New forecasting model helps children’s health care organization weather the storm: Kids’ health care not-for-profit organization
Two years ago, I had the pleasure of working with a not-for-profit organization to help them redesign their go-to-market approach following significant changes to the regional government funding model.
Our analysis and forecasting accounted for different scenarios, but no one knew what lay ahead with COVID-19. The pandemic presented several challenges over the past two years that made this children’s health care organization question how they could ensure the sustainability of their service offering. We re-engaged with the team to refresh our financial forecasting and consider program changes to ensure long-term sustainability, given a variety of unknowns. During this decision-making process, three main themes emerged:
- You can’t predict everything: There will always be external impacts, like COVID-19, which may not even be in your consideration set. This stresses the importance of ensuring the organization is flexible and can react quickly – a skill showcased by many businesses that weathered COVID-19. At SATOV, we quickly go to work with the organizations financial team to develop a model to test how different staffing and programming changes would help weather this storm.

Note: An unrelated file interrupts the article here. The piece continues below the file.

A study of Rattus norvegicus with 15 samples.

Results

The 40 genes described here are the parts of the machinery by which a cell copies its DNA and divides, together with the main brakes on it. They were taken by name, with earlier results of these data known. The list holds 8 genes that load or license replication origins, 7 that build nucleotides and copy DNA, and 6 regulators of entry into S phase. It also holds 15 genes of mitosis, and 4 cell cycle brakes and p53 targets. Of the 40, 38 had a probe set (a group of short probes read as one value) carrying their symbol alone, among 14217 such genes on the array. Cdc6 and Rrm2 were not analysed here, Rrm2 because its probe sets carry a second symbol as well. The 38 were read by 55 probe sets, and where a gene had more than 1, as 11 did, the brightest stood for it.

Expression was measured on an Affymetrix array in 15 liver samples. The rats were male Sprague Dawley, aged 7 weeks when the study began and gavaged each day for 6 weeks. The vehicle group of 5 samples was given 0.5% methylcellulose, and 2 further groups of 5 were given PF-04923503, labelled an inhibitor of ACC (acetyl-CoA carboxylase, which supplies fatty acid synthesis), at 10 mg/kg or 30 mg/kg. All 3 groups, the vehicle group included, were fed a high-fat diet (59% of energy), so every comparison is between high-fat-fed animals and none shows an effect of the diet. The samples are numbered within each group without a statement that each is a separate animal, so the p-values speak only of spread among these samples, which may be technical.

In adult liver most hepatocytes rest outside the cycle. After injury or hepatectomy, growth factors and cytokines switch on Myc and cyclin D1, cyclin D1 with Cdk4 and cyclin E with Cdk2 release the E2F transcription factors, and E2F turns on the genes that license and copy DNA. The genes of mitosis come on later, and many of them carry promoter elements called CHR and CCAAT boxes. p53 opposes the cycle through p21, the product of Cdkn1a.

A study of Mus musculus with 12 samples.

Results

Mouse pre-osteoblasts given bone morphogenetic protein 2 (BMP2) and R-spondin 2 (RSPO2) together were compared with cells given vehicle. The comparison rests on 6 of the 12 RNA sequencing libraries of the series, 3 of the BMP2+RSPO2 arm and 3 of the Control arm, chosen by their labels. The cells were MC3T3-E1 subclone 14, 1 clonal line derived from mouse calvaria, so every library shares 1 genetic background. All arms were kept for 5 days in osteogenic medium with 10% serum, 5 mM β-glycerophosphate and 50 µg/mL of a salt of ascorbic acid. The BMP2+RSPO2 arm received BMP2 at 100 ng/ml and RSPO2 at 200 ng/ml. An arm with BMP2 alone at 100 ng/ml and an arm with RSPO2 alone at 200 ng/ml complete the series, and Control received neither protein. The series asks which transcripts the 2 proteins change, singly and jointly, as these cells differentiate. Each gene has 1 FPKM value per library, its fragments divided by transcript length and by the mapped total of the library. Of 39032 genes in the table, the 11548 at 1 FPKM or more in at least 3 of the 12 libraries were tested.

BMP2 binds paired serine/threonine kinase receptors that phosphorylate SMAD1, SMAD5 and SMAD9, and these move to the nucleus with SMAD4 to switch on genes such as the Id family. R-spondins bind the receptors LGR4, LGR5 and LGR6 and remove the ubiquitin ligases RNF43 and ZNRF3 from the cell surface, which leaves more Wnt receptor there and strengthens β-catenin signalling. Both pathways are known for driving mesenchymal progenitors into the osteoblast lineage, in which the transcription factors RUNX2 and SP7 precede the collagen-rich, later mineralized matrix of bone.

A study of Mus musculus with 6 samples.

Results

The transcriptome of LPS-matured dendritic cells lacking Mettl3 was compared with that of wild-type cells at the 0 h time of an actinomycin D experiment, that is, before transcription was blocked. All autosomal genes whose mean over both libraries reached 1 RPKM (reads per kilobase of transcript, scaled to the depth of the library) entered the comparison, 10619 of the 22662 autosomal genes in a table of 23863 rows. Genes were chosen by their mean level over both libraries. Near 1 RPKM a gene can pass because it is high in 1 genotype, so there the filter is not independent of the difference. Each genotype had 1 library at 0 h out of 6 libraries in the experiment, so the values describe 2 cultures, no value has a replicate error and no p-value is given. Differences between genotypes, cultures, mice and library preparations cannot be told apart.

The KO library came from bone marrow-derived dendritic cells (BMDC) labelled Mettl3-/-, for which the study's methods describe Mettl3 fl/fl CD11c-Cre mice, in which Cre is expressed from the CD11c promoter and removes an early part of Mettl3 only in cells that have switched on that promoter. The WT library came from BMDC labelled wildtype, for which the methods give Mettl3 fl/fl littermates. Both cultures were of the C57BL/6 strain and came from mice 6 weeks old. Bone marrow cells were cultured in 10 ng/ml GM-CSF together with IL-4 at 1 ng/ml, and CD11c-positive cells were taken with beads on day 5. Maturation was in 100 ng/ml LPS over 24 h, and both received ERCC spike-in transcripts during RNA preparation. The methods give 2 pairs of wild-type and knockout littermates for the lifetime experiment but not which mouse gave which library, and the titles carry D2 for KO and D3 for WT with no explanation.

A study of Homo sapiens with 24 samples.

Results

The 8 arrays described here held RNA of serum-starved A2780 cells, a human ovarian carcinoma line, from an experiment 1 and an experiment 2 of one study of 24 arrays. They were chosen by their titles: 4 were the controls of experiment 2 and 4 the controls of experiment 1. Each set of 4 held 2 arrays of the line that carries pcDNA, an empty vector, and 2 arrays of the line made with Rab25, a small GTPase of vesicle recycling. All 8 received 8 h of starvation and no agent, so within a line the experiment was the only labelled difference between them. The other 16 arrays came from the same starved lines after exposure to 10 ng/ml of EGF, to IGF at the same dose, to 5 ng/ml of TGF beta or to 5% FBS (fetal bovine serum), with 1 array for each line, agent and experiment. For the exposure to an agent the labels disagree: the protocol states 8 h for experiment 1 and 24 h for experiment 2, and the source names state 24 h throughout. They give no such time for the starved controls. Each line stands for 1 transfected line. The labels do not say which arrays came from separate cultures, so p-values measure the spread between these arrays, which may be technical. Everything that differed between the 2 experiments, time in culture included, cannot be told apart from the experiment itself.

- Control what you can and take the easy wins: Given the inability to predict everything, as an organization you want to make sure you are taking actions internally to control what you can. In working with this organization, we determined levers that would increase program profitability and counter the impact of negative changes to demand or funding levels. As mentioned above, the organization couldn’t control the pandemic, but our model provided them with a tool to measure impacts from changing different aspects of their programming (e.g. treatment packages) and staffing levels.
- Hedge your bets: If you have buffer time and finances available to wait before deciding based on a forecast, play it out and keep revisiting predictions and scenarios with every new piece of information until you reach a greater level of confidence to act. I think what I learned was that not every organization is inherently flexible – but, when necessary, people can do incredible things to make the right decisions for children’s health.